Generating Income With a Limited Risk

Jason Ayres
March 24, 2016
6 minutes read
Generating Income With a Limited Risk

Selling or writing options can be a great way to generate cash flow as a compliment to a diversified investment approach. In general, the strategy involves selling a call or a put and getting paid to take on the obligation to either deliver or purchase the underlying shares at the strike price agreed upon. The objective of the option writer is to keep the premium as the written contracts expire out of the money. If an investor believes a stock is going to stay relatively the same or drop in value, a call my be written. If the investor believes the stock is going to stay relatively the same or go up in value, a put may be written. Implementing this approach in the absence of holding a position in the underlying stock is refereed to as being “naked”.

For more detailed information refer to the following equity option strategy guides:

The challenge for many investors when considering this strategy is that there is an undefined risk exposure if the shares trade beyond the written strikes. Because of this, the broker will require the option writer to put up sufficient margin to maintain the position. This can also be a challenge for investors with smaller accounts.
One consideration is to implement a Credit Spread to limit the risk and reduce the margin requirement.
The primary objective of the Credit Spread is to collect a premium from selling a contract expected to expire worthless, not unlike the naked option writer. The key difference is the simultaneous purchase of a less expensive contract using a portion of the premium collected. While this second “leg” reduces the overall credit collected, the investor has limited the risk exposure of the the position to the difference between the two strike prices less the net premium collected.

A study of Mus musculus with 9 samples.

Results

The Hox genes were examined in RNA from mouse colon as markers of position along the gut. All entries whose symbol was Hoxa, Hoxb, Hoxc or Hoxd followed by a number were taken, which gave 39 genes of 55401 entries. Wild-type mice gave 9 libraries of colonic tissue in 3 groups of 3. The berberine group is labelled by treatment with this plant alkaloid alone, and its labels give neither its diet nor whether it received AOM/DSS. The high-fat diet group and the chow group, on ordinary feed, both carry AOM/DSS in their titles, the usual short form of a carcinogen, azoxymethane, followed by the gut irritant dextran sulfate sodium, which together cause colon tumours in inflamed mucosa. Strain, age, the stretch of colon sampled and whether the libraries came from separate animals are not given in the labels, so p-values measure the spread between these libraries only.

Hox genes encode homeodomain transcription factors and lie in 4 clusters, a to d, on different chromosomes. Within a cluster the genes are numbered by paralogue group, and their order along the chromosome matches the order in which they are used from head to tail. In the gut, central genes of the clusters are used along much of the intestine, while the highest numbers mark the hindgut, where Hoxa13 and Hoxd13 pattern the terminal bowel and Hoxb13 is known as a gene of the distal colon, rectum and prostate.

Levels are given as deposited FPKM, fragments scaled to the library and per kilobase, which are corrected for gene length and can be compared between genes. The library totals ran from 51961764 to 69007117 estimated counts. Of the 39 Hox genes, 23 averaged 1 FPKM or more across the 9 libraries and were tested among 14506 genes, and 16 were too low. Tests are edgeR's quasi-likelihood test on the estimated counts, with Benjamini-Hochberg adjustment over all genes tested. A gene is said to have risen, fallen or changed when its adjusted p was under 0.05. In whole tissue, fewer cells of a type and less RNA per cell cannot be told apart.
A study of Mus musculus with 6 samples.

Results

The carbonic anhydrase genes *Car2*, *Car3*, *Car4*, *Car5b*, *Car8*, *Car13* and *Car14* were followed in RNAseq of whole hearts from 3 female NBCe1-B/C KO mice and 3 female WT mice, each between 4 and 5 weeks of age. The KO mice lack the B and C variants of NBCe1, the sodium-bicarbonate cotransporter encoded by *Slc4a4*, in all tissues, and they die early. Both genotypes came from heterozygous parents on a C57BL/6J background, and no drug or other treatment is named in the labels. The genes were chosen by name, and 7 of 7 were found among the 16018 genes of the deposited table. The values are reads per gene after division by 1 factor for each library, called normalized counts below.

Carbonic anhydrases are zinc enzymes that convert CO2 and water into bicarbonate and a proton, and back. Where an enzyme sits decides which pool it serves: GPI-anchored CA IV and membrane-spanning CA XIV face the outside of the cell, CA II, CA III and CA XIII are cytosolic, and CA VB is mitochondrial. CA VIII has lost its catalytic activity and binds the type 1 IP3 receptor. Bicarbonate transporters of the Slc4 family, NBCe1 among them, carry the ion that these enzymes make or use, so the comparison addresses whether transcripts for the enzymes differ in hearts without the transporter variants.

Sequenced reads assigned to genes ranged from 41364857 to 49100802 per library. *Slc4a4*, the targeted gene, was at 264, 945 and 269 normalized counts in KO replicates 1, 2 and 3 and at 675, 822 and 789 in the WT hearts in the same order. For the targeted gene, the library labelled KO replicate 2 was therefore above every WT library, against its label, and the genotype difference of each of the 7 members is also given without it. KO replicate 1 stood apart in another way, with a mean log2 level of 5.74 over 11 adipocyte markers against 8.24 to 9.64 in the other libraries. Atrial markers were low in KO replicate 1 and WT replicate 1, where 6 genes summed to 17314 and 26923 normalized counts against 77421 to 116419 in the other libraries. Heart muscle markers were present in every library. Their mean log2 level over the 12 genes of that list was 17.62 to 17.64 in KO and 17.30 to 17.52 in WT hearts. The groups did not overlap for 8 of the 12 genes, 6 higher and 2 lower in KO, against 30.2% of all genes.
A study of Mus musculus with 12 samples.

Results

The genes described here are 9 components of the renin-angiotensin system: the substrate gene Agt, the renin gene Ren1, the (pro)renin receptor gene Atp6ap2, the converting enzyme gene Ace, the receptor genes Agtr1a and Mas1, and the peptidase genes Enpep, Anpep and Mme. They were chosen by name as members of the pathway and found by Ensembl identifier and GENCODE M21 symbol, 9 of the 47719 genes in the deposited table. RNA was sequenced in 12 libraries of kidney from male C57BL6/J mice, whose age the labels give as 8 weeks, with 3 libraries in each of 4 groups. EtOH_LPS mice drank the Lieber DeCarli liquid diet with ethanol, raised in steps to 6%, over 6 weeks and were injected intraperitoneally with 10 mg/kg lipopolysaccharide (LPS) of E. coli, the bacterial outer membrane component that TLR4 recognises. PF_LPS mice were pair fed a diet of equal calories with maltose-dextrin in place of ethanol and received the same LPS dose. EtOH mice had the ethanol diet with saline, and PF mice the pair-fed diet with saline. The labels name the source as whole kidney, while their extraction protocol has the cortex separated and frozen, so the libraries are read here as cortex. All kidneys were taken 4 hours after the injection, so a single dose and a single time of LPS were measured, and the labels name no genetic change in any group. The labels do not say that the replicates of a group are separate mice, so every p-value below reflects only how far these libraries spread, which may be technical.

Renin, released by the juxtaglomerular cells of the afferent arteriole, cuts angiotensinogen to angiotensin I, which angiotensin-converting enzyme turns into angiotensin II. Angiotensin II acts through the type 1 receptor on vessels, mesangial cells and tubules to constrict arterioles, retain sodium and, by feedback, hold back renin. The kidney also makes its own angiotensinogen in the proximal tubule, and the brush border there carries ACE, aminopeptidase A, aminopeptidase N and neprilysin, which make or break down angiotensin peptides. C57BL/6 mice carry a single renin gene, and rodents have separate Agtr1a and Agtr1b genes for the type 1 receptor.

For a general overview of the bullish and bearish Credit Spreads check out the links below:
Let’s take a look at an example using Cameco Corportion (TSX:CCO). When considering any option writing strategy, I like to look at the price chart to identify support and resistance levels. If the share price is approaching a resistance level, the consideration is to write calls with the expectation that the move higher is likely to stall and pullback for a period of time. If the share price is approaching a support level, the consideration is to write puts with the expectation that the move lower is likely to stall and bounce.
Based on the chart of Cameco below, it appears as though the share price is at a resistance level and that a short term pull back is likely.
CAMECO (TSE:CCO) Daily, March 23, 2016
If we expect that shares of Cameco are likely to be trading below $17.00 between now and April 15th, 2016 (options expiration) A Bear Call Credit Spread could be constructed as follows:
Sell April expiration 17 strike call = $0.50 per share credit
Buy April expiration 18 strike call = $0.20 per share debit
Net credit = $0.30 per share
Max Risk = $0.70 per share ($1.00 spread between strikes less $0.30 credit)
Our maximum loss would be realized if the shares are trading above $17.30 on expiration.
To look at it more practically, an investor could sell 10 credit spreads and collect $300.00 for a maximum risk of $700.00. This represents a 42% return on risk for holding the position for 22 days (present date to April 15 expiration)
Lets’ consider a $100,000.00 portfolio
Granted the credit received will differ from spread to spread, Let’s assume this strategy is implemented successfully on a monthly basis. Based on that assumption, approximately $3600.00 in cash flow could be added to the portfolio representing about 3.6%. That said, each time the strategy is implemented the risk is limited to the spread less the credit. In this example, $0.70 times the 100 multiplier is $700.00 or less than 1% of the over portfolio value. The overall risk is that the investor is consistently wrong about their expectation and losses add up.
To conclude, this strategy can be a relatively passive way to increase cash flow in a non-registered portfolio beyond the traditional means. The investor can switch between the Bear Call Credit Spread and Bull Put Credit Spread depending on their outlook on the individual stock and overall market. The probability of the spread expiring profitably can be adjusted higher by selling further out of the money spreads. That considered, the trade off is the collection of less premium and the resulting increased risk.

Jason Ayres
Jason Ayres

CEO and Director of Business Development

R.N. Croft Financial Group

Jason is CEO and Director of Business Development at R N Croft Financial Group, a member of the Croft Investment Review Committee and a Derivative Market Specialist by designation. In addition, he is an educational consultant for and an instructor for the TMX Montreal Exchange.